Scenic landscapes, crisp cold air and lots of snow for skiing have created the tradition of winter holidays for millions of Norwegians over the years. As many headed home over the weekend from mountain cabins and hotels, though, they were acutely aware that the tradition is under threat because of the lack of the most essential ingredient – the snow itself.
This has been one of the most snøfattige (literally, “snow poor”) winters since state meteorologists started compiling statistics. There was hardly any natural snow in Southern Norway during the Christmas holidays, even at relatively high elevations, and there was precious little snow when the two annual week-long periods of vinterferie (winter holiday) began in late February.
“Will my children be able to go skiing in the winter?” wondered a young candidate for Parliament for the Socialist Left party (SV), Kari Elisabeth Kaski, in newspaper Dagsavisen last week. “It’s been winter holiday time, but the snow isn’t as deep as it normally is, if there’s any snow at all. In Oslo, we’ve lost a whole month of skiing in the past 30 years.”
It was almost ironic, then, that the second of the two weeks ended this past weekend with wind and snow storms that closed many mountain roads in southern Norway on Sunday. Motorists whose travel plans were disrupted would likely have seen the snow come a lot earlier.
Newspaper Dagens Næringsliv (DN) reported last week that warmer weather and the lack of snow is now likely to lead to bankruptcies of some alpine ski centers. Many have invested heavily in lift systems and artificial snow-making equipment, but the latter can’t be used if it’s not cold enough. Hotels and restaurants that have attracted winter holidaymakers for years face concerns as well.
These are problems worrying ski center operators elsewhere in Europe and around the world as climate change takes hold. “Some alpine facilities will have to close,” Robert Steiger at the University of Innsbruck told DN. That’s also because many don’t have the economic capacity that’s demanded to invest in the snow-making equipment that might save them if the weather just gets cold enough.
State meteorologists confirmed Friday that this winter in much of Norway has been measured as being a full month shorter than normal. Steiger has recently completed a report in cooperation with Norwegian and other international researchers showing that Norwegian alpine centers face even less snow by 2030, with the need for artificial snow-making rising by 81 percent. Steiger is convinced that it will thus become increasingly expensive to operate alpine skiing centers.
Some skiing areas in Norway can expect to see the season with natural snow cut from the current 154 at Strandafjellet in Møre og Romsdal, for example, to just 60 by 2080. Others in Stryn and Ørsta may have only 11 natural ski days to offer guests. Nils Magne Nedreberg, manager of the Harpefossen ski center in Sogn og Fjordane, said it needs more than 100 ski days with paying customers to turn a profit. The new report predicts there will only be 36 in 2080.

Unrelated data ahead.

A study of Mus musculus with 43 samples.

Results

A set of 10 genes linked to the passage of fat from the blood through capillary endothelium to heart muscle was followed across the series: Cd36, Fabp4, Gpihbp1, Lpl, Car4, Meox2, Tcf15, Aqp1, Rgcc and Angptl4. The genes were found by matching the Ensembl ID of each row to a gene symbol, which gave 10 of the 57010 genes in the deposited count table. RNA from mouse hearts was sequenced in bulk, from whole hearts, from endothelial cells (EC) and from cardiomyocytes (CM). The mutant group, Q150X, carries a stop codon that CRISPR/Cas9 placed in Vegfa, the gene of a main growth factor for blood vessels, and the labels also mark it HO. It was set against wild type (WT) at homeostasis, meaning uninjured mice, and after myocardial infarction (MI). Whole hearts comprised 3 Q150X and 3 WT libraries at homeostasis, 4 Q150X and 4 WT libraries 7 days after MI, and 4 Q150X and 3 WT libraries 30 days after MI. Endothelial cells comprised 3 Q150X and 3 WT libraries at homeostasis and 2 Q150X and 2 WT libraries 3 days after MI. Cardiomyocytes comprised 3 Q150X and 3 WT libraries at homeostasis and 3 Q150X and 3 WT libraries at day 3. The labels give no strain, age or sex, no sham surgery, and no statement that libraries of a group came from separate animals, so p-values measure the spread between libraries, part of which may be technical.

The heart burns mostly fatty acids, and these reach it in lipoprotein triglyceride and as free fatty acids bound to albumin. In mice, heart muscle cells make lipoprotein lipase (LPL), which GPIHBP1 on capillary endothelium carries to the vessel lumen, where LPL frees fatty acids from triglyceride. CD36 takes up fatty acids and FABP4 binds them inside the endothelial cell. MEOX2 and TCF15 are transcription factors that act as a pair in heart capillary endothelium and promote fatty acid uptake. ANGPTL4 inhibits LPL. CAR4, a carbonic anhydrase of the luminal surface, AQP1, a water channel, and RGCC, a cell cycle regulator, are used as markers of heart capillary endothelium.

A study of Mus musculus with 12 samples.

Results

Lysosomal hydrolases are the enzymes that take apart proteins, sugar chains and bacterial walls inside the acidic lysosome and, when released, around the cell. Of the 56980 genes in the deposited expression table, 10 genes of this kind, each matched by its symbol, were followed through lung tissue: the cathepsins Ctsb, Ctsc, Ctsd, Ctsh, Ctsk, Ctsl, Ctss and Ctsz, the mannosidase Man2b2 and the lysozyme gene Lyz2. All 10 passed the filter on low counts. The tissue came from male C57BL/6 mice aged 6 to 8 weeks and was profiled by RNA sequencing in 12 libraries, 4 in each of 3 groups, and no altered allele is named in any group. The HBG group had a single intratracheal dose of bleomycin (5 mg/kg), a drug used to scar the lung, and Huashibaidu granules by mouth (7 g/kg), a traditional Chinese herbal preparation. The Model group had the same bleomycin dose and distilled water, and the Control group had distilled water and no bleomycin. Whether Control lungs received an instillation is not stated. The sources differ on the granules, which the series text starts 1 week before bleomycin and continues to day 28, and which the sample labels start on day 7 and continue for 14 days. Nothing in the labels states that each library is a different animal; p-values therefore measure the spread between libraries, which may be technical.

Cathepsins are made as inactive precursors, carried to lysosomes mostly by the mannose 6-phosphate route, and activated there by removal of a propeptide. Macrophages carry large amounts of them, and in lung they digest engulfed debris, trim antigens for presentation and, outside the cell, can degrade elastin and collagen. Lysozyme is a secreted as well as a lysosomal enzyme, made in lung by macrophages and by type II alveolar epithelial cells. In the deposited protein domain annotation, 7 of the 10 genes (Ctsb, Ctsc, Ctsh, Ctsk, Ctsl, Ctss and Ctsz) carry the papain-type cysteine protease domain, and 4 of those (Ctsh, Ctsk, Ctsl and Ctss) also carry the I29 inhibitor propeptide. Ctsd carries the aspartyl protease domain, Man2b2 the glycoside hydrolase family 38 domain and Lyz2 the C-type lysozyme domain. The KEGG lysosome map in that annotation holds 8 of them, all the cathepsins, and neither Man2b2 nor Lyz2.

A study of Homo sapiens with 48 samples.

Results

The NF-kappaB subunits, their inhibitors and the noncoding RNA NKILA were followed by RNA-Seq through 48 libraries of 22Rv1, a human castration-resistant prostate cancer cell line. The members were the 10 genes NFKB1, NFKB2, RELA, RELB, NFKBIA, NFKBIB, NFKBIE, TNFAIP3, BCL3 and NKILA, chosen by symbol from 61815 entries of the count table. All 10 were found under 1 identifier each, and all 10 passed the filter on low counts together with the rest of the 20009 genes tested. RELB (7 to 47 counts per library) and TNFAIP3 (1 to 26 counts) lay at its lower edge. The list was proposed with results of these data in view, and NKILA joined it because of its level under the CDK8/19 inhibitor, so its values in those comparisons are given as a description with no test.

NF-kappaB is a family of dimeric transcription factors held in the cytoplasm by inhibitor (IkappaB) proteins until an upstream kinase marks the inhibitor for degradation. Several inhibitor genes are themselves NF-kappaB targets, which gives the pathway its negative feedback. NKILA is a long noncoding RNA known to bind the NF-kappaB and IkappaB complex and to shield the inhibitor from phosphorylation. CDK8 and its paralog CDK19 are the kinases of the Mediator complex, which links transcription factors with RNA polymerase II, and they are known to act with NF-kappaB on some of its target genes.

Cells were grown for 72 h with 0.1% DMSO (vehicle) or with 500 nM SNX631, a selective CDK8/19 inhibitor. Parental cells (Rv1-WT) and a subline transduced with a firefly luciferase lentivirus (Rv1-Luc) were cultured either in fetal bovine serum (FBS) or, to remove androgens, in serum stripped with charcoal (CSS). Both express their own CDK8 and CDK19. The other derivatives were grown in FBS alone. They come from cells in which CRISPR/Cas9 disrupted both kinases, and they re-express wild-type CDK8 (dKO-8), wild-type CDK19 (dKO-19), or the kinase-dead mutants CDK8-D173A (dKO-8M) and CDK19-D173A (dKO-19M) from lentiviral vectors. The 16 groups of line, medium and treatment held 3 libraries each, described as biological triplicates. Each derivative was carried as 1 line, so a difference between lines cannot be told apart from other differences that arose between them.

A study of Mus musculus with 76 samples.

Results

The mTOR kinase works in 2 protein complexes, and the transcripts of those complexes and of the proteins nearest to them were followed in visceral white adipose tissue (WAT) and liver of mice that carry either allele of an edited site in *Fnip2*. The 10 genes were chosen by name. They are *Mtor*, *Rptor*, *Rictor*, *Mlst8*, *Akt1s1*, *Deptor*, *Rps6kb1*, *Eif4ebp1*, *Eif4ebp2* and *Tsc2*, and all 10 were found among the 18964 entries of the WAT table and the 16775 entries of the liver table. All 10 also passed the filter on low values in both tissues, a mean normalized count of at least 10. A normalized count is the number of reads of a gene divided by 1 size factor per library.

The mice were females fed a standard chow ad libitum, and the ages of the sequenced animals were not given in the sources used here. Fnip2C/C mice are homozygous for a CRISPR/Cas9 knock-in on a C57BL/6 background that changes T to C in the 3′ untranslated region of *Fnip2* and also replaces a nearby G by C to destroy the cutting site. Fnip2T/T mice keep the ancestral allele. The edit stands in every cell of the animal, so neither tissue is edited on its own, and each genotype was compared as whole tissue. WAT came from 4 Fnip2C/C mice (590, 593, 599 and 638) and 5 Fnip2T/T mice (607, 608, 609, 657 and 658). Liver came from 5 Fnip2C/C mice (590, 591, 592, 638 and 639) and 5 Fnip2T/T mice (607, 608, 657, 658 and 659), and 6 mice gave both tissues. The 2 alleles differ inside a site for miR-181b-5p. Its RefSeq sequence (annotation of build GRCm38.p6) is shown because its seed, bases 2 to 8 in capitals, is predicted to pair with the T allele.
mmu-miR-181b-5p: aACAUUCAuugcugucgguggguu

Heading for the highest elevations
Real estate agents, meanwhile, claim that Norwegians still keen on investing in holiday cabins and homes (hytter) in the mountains are now most interested in those at high elevations that seem assured of snow for years to come. Those located around Hemsedal, Kvitfjell and Skeikampen, for example, are still selling well because their snow prospects are good. Sjusjøen in the hills between Gudbrandsdalen and Østerdalen has also had snow most of this winter and remains a popular destination.
These areas are also where developers Petter Stordalen and Anders Buchardt are planning the most new cabin and condominium projects. DN reported that a major new hytte development will start at Kvitfjell as soon as this year’s snow melts. “We’re experiencing how people are coming here precisely because it’s snow-secure,” Odd Stensrud, manager of Stordalen’s and Buchardt’s development firm Alpinco, told DN. He also operates at Hafjell, not far from Sjusjøen, and claims that area seems “snow-secure” as well.
Buyer interest is still there, with local newspapers once again carrying many ads for hytter during the past two winter holiday weeks. The lack of snow in low-lying areas, also around Oslo, has sent prospective buyers into the hills and mountains, with some brokers claiming record sales.
Or heading south
Many Norwegians seem to be dropping ski holiday during the winters and heading south instead. A recent survey conducted by several outdoor recreational organizations showed that fully 40 percent of Norwegians questioned have not and will not go skiing this winter, because of the lack of snow. Another 16 percent who hadn’t gone skiing yet were uncertain. With the Easter holidays coming late this year, in mid-April, flights to southern climes are booking up. Newspaper Aftenposten reported that 328,000 Norwegians traveled to the Canary Islands last year, setting a new record,
“Climate change over time will influence our outdoor traditions quite a bit,” Lasse Heimdal, secretary general of Norsk Friluftsliv, told newspaper Aftenposten. “For many, our Norwegian ‘winter holiday’ will become an early ‘spring holiday.’” Others are investing in studded boots in order to do early hiking in hills and forests that can now be covered only by rain that turns to ice, instead of snow.